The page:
Legal sparring continues over feds, FL, and cruise ship industry; next step is appeals court

By: - July 8, 2021 2:12 pm

A Carnival cruise ship is docked at PortMiami, one of five Florida seaports where cruiselines operate. Credit: Joe Raedle/Getty Images

The federal government has filed an appeal of a Tampa federal judge’s epic ruling saying the Centers for Disease Control and Prevention went overboard in controlling the cruise ship industry.

The ruling led to an injunction, to take force on July 18, barring the CDC from imposing regulations designed to prevent transmission of COVID-19 aboard cruise ships.

U.S. District Judge Steven Merryday ruled on June 18 that the public health agency had overstepped its authority in issuing a “conditional sailing order” requiring cruises either to run test voyages deploying COVID precautions or to require that 98 percent of their crew and 95 percent of their passengers be vaccinated.

The Elbert P. Tuttle U.S. Courthouse in Atlanta, home to the U.S. Court of Appeals for the 11th Circuit. Credit: Wikimedia Commons

On Wednesday, the government took the matter to the U.S. Court of Appeals for the 11th Circuit based in Atlanta. Its motion argues the regulations were well within public health authorities’ traditional powers to prevent ships from introducing contagions through the country’s ports.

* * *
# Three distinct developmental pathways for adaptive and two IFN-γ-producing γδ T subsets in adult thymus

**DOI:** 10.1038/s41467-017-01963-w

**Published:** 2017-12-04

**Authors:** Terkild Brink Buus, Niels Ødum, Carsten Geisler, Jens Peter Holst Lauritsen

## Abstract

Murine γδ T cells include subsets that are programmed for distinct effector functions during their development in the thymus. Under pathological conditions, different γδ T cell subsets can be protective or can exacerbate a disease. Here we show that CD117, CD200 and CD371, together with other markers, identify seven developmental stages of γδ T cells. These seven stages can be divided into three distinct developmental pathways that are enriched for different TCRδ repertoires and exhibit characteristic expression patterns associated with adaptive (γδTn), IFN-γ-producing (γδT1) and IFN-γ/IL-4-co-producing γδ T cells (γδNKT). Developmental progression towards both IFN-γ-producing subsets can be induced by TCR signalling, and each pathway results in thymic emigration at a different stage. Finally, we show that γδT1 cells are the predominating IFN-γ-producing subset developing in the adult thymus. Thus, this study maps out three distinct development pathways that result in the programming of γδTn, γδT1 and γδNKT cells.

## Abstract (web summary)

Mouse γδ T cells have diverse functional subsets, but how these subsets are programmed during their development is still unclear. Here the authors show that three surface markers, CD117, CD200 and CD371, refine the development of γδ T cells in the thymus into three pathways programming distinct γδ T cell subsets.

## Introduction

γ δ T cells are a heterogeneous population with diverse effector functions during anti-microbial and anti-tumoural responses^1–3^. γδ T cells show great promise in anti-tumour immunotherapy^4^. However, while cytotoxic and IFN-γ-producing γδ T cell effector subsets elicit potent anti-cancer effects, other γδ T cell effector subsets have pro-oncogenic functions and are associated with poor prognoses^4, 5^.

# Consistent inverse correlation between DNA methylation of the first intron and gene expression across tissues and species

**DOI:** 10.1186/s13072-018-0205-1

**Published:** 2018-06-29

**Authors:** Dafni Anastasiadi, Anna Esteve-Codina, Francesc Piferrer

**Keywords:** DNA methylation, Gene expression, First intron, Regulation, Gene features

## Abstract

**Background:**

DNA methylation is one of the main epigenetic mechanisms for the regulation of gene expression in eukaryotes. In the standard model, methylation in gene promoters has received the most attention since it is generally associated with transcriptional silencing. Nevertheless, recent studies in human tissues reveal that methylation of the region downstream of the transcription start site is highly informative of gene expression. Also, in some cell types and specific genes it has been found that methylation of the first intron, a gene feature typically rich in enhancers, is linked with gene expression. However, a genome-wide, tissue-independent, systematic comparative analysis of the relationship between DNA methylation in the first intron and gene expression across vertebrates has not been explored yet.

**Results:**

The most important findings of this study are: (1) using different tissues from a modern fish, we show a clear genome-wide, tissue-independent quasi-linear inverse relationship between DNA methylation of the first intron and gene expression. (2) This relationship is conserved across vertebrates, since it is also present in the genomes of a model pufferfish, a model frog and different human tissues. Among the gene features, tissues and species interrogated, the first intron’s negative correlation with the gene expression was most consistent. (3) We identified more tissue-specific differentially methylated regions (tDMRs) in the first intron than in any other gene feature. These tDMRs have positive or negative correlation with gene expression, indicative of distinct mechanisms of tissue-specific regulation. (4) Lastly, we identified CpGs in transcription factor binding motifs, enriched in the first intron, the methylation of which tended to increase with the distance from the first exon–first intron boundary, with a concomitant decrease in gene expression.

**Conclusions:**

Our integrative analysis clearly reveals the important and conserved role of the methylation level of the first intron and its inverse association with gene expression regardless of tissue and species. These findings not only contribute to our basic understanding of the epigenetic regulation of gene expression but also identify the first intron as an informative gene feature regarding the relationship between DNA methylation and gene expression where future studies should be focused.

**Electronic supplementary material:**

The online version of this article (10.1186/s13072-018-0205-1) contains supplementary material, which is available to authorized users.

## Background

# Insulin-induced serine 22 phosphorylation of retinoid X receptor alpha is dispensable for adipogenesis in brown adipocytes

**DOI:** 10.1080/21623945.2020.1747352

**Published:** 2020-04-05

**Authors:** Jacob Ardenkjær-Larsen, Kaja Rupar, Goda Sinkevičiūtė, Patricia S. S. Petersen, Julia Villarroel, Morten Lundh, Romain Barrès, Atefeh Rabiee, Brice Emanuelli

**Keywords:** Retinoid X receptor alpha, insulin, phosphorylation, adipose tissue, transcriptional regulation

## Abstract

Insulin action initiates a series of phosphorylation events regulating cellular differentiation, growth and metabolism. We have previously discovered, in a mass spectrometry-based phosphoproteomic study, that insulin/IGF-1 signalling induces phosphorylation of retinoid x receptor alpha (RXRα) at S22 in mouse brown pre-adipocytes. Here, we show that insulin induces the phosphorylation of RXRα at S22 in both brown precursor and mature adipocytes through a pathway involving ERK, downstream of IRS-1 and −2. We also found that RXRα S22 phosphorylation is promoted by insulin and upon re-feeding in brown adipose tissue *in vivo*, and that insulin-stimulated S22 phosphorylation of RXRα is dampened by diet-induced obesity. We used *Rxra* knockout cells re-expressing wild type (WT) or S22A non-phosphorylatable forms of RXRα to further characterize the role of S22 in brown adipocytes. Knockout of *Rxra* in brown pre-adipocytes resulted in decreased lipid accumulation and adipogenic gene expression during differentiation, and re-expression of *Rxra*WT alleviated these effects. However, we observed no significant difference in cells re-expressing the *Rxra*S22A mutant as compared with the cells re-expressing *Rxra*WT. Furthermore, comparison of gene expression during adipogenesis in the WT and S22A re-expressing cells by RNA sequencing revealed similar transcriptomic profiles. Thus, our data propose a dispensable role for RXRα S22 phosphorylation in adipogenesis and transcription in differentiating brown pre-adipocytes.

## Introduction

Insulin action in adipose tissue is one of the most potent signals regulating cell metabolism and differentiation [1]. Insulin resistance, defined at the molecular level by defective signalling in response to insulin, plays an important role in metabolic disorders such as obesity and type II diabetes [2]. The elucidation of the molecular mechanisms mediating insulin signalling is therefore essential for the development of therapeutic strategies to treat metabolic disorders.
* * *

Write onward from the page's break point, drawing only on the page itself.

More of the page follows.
The state sued over the regulations, with Gov. Ron DeSantis blaming them for sequestering a major state industry. He has blocked any business — cruise lines included — from requiring proof of vaccination that might reassure passengers.

“By contrast, Florida is actively impairing the cruise ship industry’s ability to resume operations. Florida law prohibits cruise ship operators from requiring documentation of vaccinated status. Florida is thus impeding the cruise industry’s ability to offer highly vaccinated cruises, which both the industry and the traveling public see as desirable,” the motion reads.

Also on Wednesday, Merryday rejected a CDC motion that he further delay his injunction.

“Although CDC invariably garnishes the argument with dire prospects of transmission of COVID-19 aboard a cruise vessel, these dark allusions dismiss state and local health authorities, the industry’s self-regulation, and the thorough and costly preparations and accommodations by all concerned to avoid transmission and to confine and control the transmission, if one occurs,” Merryday wrote.

“In other words, CDC can show no factor that outweighs the need to conclude an unwarranted and unprecedented exercise of governmental power. More to the point, this action is not about what health precautions against COVID-19 are necessary or helpful aboard a cruise ship; this action is about the use and misuse of governmental power.”

Michael Moline

Michael Moline has covered politics and the legal system for more than 30 years. He is a former managing editor of the San Francisco Daily Journal and former assistant managing editor of The National Law Journal. He began his career covering the Florida Capitol for United Press International. More recently, he wrote for Florida Politics.